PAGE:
Of all the cheap tactics and clichés of the horror movie, there’s a special place of honour for the cat scare. That’s whenever a suspenseful moment is punctuated by the sudden shriek of a feline interloper who poses no actual threat to our heroes (unless it’s the zombie furball in Pet Sematary, or maybe Garfield on a lasagna-and-Jäger bender).
Besides being a perennial of the horror movie, the cat scare has also become a standby of the horror-movie spoof. A Halloween episode of Community set a new benchmark when it included five cat scares in a span of 20 seconds.
Of course, true horror fans love cat scares, just like they love every other trope that the genre should’ve exhausted in the decades since Bela Lugosi first put on a Dracula cape. Every kind of movie has its formulas, but in no other genre does familiarity breed the same affection. If horror cinema epitomizes—as the late critic and York prof Robin Wood famously theorized—Freud’s notions about “the return of the repressed,” then its devotees are monomaniacal in their eagerness to see the same sights, scenarios, and shocks over and over again. It could be a city ravaged by zombies. Or it could be a family whose home contains an evil supernatural presence, just like the clan in The Conjuring. (James Wan’s new thriller, which follows on the heels of The Purge, is a surprise hit about another family under siege.) Another new release, The Conspiracy, takes a more roughhewn tack with its creepy tale of documentary filmmakers who keep their cameras running amid mounting mayhem.
Viewers may even find it more comforting to indulge in thrills and chills when they come packaged in such easily recognizable forms—the terrors of the real world tend to be less predictable. But this poses a considerable challenge to filmmakers who want to deviate from the norm. The trick of knowing which conventions to break and which ones to maintain gets tougher all the time. Having reached a peak of squalor and savagery in the 1970s, the horror genre has become frustratingly conservative in more recent years. Not only has the marketplace become glutted with pointless remakes of cherished classics and foreign faves, but we’ve also got third-generation descendants of hits that were rehashes in the first place—what was Paranormal Activity if not The Blair Witch Project with steadier cameras?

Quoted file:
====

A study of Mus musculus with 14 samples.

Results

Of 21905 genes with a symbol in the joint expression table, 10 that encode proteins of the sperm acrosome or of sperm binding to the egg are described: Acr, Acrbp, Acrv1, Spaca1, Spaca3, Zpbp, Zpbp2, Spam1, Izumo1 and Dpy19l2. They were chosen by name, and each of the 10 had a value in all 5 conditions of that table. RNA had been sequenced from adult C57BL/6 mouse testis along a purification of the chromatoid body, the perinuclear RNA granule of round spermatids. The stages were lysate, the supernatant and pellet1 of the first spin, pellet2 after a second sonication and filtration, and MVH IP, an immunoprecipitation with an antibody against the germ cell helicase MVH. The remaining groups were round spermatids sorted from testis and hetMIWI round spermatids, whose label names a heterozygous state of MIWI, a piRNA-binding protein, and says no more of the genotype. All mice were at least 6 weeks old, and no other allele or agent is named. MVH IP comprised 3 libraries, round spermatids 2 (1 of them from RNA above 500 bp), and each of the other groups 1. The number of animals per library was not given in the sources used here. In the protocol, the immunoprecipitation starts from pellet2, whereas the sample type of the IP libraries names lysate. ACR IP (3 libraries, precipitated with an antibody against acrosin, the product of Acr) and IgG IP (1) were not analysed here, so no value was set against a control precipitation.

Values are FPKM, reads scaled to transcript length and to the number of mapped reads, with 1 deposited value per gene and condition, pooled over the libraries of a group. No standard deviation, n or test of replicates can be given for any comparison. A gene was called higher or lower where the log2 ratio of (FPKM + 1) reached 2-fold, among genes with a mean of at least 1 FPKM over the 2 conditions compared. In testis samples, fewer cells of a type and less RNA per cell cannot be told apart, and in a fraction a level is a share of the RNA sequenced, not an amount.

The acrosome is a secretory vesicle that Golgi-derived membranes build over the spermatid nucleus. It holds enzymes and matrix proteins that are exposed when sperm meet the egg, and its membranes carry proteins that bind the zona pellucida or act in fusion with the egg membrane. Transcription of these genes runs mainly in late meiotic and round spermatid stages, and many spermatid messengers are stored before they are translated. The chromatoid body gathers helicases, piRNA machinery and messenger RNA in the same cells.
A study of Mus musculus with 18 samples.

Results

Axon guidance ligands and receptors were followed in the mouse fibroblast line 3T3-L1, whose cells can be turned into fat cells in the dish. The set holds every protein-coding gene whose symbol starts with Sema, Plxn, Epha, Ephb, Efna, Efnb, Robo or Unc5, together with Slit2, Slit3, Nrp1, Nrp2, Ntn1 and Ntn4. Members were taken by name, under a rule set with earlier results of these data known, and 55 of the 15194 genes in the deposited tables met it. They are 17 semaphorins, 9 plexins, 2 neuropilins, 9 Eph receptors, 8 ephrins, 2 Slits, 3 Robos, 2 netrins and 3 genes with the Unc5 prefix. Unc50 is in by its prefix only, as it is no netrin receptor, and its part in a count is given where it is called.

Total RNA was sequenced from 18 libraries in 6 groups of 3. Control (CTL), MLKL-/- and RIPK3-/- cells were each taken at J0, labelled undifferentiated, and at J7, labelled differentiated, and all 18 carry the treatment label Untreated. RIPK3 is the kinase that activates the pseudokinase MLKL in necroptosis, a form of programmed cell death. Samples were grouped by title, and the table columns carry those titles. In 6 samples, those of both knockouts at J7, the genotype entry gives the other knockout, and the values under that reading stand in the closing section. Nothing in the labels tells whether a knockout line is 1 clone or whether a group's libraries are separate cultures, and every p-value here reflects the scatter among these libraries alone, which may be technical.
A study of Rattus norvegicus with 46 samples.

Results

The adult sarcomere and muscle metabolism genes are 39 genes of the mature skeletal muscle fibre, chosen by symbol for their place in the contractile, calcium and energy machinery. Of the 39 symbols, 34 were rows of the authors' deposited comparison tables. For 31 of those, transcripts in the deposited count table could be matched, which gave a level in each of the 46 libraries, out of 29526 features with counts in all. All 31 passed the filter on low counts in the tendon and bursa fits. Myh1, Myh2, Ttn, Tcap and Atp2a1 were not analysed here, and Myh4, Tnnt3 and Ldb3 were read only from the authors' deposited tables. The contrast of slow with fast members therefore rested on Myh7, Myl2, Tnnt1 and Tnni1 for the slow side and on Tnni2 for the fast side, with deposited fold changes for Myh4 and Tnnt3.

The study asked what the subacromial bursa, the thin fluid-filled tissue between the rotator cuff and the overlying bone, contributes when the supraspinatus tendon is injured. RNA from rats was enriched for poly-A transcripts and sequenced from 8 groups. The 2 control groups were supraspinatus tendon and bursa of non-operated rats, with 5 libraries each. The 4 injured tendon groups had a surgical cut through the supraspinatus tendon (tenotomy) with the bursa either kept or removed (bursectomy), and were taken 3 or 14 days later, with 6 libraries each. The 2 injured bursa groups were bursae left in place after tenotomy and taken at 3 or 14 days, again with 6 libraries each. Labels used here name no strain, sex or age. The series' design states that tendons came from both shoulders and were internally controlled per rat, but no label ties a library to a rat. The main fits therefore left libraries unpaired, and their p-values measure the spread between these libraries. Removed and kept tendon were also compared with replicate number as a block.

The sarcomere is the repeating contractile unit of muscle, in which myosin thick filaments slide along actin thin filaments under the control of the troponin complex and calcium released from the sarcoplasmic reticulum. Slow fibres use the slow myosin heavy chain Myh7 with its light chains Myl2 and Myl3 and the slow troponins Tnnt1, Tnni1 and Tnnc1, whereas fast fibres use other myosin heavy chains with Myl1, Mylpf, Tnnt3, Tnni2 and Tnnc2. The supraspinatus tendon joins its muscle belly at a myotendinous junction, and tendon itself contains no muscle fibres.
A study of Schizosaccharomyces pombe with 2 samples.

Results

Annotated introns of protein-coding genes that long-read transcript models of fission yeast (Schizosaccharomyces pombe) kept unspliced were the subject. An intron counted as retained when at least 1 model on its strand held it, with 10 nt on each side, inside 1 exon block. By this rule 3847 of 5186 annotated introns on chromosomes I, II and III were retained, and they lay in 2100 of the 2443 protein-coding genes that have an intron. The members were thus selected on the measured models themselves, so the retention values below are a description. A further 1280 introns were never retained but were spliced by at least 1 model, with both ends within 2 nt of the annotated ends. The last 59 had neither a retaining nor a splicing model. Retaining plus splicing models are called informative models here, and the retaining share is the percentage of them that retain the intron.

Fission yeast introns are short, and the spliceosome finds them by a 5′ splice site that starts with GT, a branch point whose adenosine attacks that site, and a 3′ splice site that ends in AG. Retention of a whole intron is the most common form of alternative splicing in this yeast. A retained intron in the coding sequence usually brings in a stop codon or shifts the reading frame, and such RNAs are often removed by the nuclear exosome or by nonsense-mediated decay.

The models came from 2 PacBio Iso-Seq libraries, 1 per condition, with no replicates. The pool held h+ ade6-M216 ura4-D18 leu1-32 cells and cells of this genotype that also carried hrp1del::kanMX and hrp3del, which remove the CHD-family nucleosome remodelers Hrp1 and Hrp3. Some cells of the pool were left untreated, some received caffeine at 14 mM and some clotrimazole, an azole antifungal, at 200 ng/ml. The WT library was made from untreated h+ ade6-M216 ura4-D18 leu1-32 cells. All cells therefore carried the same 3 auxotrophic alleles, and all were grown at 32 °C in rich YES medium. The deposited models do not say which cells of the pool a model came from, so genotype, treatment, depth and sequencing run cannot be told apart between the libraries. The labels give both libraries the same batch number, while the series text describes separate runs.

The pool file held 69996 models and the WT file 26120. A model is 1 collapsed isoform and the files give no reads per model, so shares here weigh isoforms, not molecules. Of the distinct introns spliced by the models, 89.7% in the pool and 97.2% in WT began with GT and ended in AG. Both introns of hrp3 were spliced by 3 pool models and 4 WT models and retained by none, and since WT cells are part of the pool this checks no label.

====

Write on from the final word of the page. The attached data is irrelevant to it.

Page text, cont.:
But as well as sharing similar titles, The Conjuring and The Conspiracy both demonstrate the desire to balance a fidelity to horror-flick tradition with other imperatives. The Malaysian-Australian director of the former, James Wan, helped launch the genre’s torture-porn cycle with 2004’s Saw, though at the time, it seemed less like a mould-breaker than the umpteenth diabolical-serial-killer riff in the wake of The Silence of the Lambs and Se7en. With the success of Insidious in 2011, Wan also reminded Hollywood that low-budget thrillers can often be far more profitable than bloated tentpole pics. (An Insidious sequel is out in September.)
With The Conjuring, Wan clearly emulates the classier examples of ’70s chillers, most prominently, The Exorcist and The Amityville Horror. To aid his mission, he enlists a strong cast of actors (Patrick Wilson, Vera Farmiga, Lili Taylor, and Ron Livingston) and situates them in often stunningly elegant creep-outs. While the gambit pays off in scenes that do for old creaky doors what Community did for cat scares, the appealing retro vibe becomes something of a stranglehold. Like so many recent examples by fanboy filmmakers reared on Dario Argento DVDs, The Conjuring becomes a horror movie that only refers to other horror movies. Not that that’s necessarily a bad thing—it just leaves little room for the shock of the new.
The Conspiracy—a made-in-Toronto film that’s earned too little notice here despite strong receptions at genre-movie fests—can sometimes feel similarly derivative. Yet writer-director Christopher MacBride’s effort is more attuned to real-world anxieties than other post–Blair Witch purveyors of shaky-cam spookiness, like Grave Encounters and V/H/S. Through its camera-wielding heroes’ revelations about the possible existence of an all-powerful secret society, the film taps into our feelings of helplessness in the midst of global economic disparity and political instability.
Given all the things they have to worry about on a daily basis, maybe viewers can be forgiven for preferring a less avidly discomfiting kind of scary movie. Still, it’d be nice if more movies used a different pet for its cheapest scares. What’s wrong with an antsy ferret?